OK, so this is basically a discussion post, but it’s more specific: these posts will focus on various archetypes in YA books.
What is an archetype, you ask? Well, if you don’t ask, skip this definition from Dictionary.com:
the original pattern or model from which all things of the same kind are copied or on which they are based; a model or first form; prototype.
This definition doesn’t necessarily cover what I plan on talking about in these posts, but I liked the title, so archetypes it is. I’m basically focusing on the “model” part of the definition, in that I going to look at various models or types of characters in YA.
Characters need foils – if the phrase “opposites attract” is truly to be believed, then most relationships seem to be made up of some kind of conflicting personalities. Sure, the phrase is talking more about romantic relationships, but I think the same can hold true for sibling relationships as well. Since so many protagonists seem to be quiet, introverted, and shy (at least, according to most writing, not necessarily the actions of the characters), then their siblings are often loud and danger-seeking – no more so than wild child older sisters.
So many books aren’t just content to keep these wild characters the way they are and show that it’s okay to be interested in sex and not always following the rules – instead, they become semi-reformed characters. Since they were difficult children, their parents are harder on the protagonist as a result, and that’s a reason for them to gripe about it. I’m just getting tired of it, because they seem like stock characters that are simply there to show the protagonist who not to become.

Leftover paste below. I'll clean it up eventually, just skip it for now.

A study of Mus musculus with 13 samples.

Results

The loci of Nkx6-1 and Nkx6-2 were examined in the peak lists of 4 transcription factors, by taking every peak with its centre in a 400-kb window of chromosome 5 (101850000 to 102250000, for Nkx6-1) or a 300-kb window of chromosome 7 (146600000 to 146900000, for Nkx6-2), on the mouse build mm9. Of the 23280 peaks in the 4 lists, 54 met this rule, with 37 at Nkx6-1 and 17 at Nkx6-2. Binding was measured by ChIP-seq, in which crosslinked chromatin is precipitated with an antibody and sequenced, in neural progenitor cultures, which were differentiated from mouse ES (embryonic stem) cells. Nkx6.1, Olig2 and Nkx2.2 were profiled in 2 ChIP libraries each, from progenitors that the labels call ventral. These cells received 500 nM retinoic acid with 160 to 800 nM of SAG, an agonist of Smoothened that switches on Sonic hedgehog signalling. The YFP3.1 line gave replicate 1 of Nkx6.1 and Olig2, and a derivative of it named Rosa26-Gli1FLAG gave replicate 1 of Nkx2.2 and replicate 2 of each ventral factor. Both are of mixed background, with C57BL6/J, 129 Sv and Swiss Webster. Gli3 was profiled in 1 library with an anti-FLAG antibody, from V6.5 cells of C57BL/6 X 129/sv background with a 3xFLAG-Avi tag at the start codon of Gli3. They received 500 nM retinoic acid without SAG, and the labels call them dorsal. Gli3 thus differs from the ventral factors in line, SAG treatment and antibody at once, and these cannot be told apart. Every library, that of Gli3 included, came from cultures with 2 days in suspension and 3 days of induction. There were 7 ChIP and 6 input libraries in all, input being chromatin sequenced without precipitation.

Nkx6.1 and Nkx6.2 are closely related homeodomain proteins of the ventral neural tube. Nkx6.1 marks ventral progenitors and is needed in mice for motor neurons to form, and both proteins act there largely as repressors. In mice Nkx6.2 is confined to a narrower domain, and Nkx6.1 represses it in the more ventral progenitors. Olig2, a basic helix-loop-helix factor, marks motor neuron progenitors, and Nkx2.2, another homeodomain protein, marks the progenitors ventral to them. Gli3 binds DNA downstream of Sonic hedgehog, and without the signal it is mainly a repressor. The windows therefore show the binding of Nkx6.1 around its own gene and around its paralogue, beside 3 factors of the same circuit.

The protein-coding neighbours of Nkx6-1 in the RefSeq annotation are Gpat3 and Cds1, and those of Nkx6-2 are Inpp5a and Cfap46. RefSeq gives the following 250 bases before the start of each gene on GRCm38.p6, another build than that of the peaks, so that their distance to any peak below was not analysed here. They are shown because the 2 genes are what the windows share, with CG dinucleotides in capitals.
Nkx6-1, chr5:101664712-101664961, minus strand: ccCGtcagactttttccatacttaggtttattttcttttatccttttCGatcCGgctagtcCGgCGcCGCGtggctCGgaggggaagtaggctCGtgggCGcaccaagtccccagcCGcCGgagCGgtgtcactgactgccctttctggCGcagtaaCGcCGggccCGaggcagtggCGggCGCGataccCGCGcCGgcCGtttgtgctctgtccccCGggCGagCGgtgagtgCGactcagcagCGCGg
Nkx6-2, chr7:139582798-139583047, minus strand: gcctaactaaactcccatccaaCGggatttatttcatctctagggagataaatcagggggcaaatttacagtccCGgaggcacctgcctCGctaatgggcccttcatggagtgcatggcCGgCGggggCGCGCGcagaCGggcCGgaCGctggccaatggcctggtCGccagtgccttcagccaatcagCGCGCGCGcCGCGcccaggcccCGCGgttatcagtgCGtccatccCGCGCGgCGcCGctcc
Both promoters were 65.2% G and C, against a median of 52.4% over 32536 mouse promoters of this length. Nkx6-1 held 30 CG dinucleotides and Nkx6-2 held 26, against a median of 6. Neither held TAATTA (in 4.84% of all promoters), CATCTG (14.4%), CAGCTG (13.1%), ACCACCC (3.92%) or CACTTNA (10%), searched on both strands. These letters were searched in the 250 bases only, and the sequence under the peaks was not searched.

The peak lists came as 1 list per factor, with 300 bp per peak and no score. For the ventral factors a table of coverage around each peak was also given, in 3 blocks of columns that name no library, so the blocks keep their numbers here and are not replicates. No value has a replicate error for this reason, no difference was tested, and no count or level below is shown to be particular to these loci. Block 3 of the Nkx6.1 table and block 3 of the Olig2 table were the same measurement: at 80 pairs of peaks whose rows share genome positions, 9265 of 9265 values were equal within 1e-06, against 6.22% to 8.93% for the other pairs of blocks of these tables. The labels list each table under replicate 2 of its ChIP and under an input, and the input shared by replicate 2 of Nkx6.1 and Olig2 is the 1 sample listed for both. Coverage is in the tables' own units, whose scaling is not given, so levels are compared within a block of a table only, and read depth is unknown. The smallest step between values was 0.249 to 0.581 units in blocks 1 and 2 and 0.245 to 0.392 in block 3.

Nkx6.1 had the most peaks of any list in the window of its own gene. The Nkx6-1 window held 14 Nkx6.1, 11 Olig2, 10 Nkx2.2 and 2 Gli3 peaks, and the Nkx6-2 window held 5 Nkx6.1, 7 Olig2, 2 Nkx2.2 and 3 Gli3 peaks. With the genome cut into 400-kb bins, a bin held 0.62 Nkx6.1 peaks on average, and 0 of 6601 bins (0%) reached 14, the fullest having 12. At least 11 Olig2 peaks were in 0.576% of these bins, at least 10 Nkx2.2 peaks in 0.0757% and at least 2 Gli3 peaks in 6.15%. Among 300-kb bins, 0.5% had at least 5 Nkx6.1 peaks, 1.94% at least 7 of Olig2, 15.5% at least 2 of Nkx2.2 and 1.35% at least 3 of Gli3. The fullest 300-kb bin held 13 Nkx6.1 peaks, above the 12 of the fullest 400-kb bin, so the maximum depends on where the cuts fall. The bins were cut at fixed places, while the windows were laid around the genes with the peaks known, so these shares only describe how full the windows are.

I’m just tired of it all already.
We hear about their wild pasts, but in the current story, they are often quite bland. They aren’t really in their little sister or brother’s life, which means they seem even less fleshed out than they already are, really sealing their fate as stock characters.
All kinds of books make this mistake, from bad ones to ones I otherwise love, like Sarah Dessen’s The Truth About Forever. It’s one of my favorite books from her, but I never really connected with the protagonist’s older sister because she seemed like this stock character. There wasn’t much to her, and it seemed like we were meant to dismiss her for the most part. I need to reread this book, but from what I remember of it, she seemed like an unimportant bit character who was rarely in the protagonist’s life. Maybe it’s because I’m an older sister myself, but I hate seeing sisters who don’t seem to care about their own sisters at all.
This is what I want from sisters.
Wild child sisters can be great characters, just like any other characters – you just need to dig into their psyche more. As is the case with all of these posts for this feature, I just want characters whose personality is dug into more. I want to know why the sisters like to party – are they extroverted and feel a great rush from being around other people? Do they want to have fun and inspire other people to have fun as well? Is partying a way to forget about something bad that happened to them in the past? Why are they the way they are – that’s all I want to know! How does their partying affect their other relationships, like with their family? Are they too reckless and need help, or are they simply making the most of their life? There are so many ways to delve into this type of character, and we’re just missing out on it most of the time.
I know, it’s a travesty.
I’m not saying that everyone will have a great reason behind partying, but most of them should – or they can simply be a positive character, with good reasoning or not. That’s another issue – these characters always seem to be negative in some way. I want to just give them a hug and tell them that they’re beautiful person, even if the author or the protagonist doesn’t seem to agree.
They deserve a hug as well.
So, if you know about some partying protagonists or siblings who are portrayed positively and interestingly, then cherish them, because they are a rare breed.